North Korean leader Kim Jong-un. Photo: Reuters via KCNA
North Korean leader Kim Jong-un. Photo: Reuters via KCNA

If they end up as a financial game-changer or the mother of all scams, crypto-currencies have, at the very least, gone some way to make the world rethink what money is, how it works and why we need it. And even what can happen when a country doesn’t have it.

Take Iran. In February, just after Donald Trump’s administration had announced another round of sanctions aimed at companies and individuals with suspected links to Iran, Tehran said it was going to develop its own state-run crypto-currency.

“In a meeting with the board of directors of [state-run] Post Bank, on digital currencies based on the blockchain, I am prescribing measures to implement the country’s first cloud-based digital currency,” said Minister of Information and Communications Technology, Mohammad-Javad Azari Jahromi.

This was, as analysts pointed out, only to allow the country to keep trading whilst avoiding Washington’s punitive reach. There were even rumors last year that the Islamic republic was going to set up an official bitcoin trading network in an attempt to circumvent the international sanctions that were, step-by-step, draining the juice out of Iran’s finance, energy and shipping industries.

“The Ministry of Information and Communications Technology has already conducted a number of research studies as part of efforts to prepare the infrastructure to use Bitcoin inside the country,” the Caspian News reported last October.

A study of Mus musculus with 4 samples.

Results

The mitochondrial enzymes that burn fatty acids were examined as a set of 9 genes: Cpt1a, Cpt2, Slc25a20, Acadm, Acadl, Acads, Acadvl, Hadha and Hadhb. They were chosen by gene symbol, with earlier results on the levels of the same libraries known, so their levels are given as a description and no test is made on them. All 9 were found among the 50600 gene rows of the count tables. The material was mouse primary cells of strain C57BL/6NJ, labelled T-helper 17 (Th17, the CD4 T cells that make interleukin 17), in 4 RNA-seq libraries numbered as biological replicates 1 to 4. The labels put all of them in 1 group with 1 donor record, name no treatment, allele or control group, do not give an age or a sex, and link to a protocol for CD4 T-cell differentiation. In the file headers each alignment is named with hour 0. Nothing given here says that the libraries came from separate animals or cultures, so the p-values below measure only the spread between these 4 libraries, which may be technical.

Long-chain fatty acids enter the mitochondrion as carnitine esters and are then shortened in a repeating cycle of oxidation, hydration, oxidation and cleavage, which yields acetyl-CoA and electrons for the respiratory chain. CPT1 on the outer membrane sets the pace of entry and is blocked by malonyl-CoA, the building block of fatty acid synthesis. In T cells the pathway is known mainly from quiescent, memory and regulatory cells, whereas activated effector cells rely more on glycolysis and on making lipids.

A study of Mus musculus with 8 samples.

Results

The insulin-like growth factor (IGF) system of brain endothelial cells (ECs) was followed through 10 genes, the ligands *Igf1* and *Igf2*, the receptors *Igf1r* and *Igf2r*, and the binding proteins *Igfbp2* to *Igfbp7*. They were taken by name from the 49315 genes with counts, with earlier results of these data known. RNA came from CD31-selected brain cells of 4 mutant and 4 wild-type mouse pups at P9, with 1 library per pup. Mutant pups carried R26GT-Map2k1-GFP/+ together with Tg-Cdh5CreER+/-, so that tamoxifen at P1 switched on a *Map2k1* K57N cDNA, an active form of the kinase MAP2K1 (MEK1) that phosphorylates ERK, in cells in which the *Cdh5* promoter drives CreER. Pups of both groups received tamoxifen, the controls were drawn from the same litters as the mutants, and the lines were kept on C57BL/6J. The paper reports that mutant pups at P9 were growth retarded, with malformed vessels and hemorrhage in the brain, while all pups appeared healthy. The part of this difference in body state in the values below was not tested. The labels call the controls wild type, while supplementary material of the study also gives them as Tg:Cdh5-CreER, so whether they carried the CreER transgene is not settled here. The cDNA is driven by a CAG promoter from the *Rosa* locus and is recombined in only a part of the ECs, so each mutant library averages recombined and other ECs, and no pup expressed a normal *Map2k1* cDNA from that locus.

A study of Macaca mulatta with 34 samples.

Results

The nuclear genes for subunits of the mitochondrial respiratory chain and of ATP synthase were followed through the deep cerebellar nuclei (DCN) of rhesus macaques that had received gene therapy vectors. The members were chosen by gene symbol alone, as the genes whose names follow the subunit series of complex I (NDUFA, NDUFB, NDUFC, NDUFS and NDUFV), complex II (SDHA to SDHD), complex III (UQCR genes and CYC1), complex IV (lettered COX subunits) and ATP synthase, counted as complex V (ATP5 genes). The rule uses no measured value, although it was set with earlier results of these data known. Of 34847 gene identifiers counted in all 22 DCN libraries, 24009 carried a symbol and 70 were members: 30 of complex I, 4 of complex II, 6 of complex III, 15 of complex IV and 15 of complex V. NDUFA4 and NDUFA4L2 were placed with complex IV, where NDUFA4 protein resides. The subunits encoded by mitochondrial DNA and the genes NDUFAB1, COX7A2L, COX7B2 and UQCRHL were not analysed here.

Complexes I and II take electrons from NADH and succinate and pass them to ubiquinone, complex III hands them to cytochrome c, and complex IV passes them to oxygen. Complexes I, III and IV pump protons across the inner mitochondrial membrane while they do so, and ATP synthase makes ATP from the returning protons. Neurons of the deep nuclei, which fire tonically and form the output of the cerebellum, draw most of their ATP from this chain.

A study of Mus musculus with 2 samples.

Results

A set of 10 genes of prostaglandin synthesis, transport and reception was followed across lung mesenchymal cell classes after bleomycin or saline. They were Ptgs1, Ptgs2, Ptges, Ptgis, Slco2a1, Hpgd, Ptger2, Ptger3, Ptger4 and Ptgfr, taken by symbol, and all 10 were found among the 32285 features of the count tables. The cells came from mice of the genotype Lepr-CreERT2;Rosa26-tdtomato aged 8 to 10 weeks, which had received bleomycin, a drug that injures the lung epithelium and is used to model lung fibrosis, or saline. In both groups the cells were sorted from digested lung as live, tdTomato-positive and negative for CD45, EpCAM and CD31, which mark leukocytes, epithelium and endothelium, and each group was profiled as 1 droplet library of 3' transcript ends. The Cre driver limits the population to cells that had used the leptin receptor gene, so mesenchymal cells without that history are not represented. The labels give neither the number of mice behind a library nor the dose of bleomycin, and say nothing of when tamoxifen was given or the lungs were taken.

Iran’s economy has suffered more since then. The rial has lost around a quarter of its value in the past six months and, something like $30 billion has gushed from the country since January, via an ever-flowing network of black-market money and gold exchanges, via suitcases and, yes, through Bitcoin.

Something like $2.5 billion may have been smuggled using crypto-currencies and, in an attempt to “control and prevent” this, last month Tehran banned all domestically registered banks from trading crypto.

So what next?

Venezuela, North Korea

Tehran might still follow President Maduro in Venezuela, who says his state-backed Petro coin, launched in 2017 to also sidestep US trade restrictions and ease Venezuela’s rampant inflation, has raised a much needed $5 billion via a public sale.

Critics, domestically and internationally, say his oil-backed coin is a Ponzi-type scam, but Maduro appears to be so flushed with its supposed success that he now says he will launch a gold-backed state-backed digital currency too.

Another so-called ‘rogue leader” supposed to have turned to crypto, to ward off President Trump’s economic threats, is Kim Jong-un.

Pyongyang was, according to various Washington and Seoul government agencies, allegedly behind various crypto-related crimes. These supposedly include the May 2017 WannaCry ransomware cyber-attack in which victims were asked to pay Bitcoin to have their frozen computers unlocked; the hacking of numerous South Korean crypto exchanges; the mining of Bitcoin using hacked personal computers around the world; and the $530-million Coincheck exchange hack in Tokyo in January.

North Korea is economically starved, it needs dollars and it can’t get them – well, unless it prints its own. So, the theory goes, it steals Bitcoins, which it then trades for greenbacks on Asian crypto exchanges.

Ten Bitcoin bet anyone, that says this won’t be discussed around the table at the Singapore summit on June 12th?